Concepts inScalable network distance browsing in spatial databases
Distance (graph theory)
In the mathematical field of graph theory, the distance between two vertices in a graph is the number of edges in a shortest path connecting them. This is also known as the geodesic distance because it is the length of the graph geodesic between those two vertices. If there is no path connecting the two vertices, i.e. , if they belong to different connected components, then conventionally the distance is defined as infinite.
A spatial database is a database that is optimized to store and query data that is related to objects in space, including points, lines and polygons. While typical databases can understand various numeric and character types of data, additional functionality needs to be added for databases to process spatial data types. These are typically called geometry or feature.
In electronics scalability is the ability of a system, network, or process, to handle growing amount of work in a capable manner or its ability to be enlarged to accommodate that growth. For example, it can refer to the capability of a system to increase total throughput under an increased load when resources (typically hardware) are added.
A computer network, often simply referred to as a network, is a collection of hardware components and computers interconnected by communication channels that allow sharing of resources and information. Where at least one process in one device is able to send/receive data to/from at least one process residing in a remote device, then the two devices are said to be in a network.
A spatial network is a network of spatial elements. In physical space (which typically includes urban or building space) spatial networks are derived from maps of open space within the urban context or building. One might think of the 'space map' as being the negative image of the standard map, with the open space cut out of the background buildings or walls. The space map is then broken into units; most simply, these might be road segments.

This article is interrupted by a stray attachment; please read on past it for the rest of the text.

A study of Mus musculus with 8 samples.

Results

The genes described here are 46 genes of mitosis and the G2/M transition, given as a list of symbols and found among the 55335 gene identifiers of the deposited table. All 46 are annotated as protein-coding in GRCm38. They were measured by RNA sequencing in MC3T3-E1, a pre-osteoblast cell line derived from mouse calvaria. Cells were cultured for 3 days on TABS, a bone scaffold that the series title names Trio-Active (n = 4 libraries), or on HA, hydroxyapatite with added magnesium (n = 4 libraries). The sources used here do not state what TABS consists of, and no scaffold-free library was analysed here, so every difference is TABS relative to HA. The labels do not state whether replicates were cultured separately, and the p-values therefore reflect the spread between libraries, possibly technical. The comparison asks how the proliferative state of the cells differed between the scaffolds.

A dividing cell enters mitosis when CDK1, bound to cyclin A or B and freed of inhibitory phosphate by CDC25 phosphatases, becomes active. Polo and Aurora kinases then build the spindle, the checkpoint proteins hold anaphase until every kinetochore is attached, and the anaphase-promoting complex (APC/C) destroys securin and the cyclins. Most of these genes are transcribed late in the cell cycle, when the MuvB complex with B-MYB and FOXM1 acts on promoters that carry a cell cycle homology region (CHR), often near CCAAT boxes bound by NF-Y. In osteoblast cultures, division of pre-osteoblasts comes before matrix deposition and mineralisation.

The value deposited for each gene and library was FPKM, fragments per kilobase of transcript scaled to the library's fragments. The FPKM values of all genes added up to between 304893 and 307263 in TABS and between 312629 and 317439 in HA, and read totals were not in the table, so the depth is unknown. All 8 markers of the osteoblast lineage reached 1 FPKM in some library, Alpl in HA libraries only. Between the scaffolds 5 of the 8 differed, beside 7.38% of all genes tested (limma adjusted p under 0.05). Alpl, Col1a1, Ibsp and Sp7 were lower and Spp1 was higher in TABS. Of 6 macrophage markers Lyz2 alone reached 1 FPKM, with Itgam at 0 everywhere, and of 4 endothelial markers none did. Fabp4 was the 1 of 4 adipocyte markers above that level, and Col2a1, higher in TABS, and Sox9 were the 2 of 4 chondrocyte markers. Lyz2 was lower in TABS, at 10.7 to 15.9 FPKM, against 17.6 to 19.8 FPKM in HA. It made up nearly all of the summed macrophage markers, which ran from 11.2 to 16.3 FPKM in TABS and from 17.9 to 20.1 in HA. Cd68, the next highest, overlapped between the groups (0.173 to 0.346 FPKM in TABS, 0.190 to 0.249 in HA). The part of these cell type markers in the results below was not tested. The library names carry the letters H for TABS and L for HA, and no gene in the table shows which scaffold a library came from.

Best-first search is a search algorithm which explores a graph by expanding the most promising node chosen according to a specified rule. Judea Pearl described best-first search as estimating the promise of node n by a "heuristic evaluation function which, in general, may depend on the description of n, the description of the goal, the information gathered by the search up to that point, and most important, on any extra knowledge about the problem domain.
In graph theory, the shortest path problem is the problem of finding a path between two vertices (or nodes) in a graph such that the sum of the weights of its constituent edges is minimized. An example is finding the quickest way to get from one location to another on a road map; in this case, the vertices represent locations and the edges represent segments of road and are weighted by the time needed to travel that segment.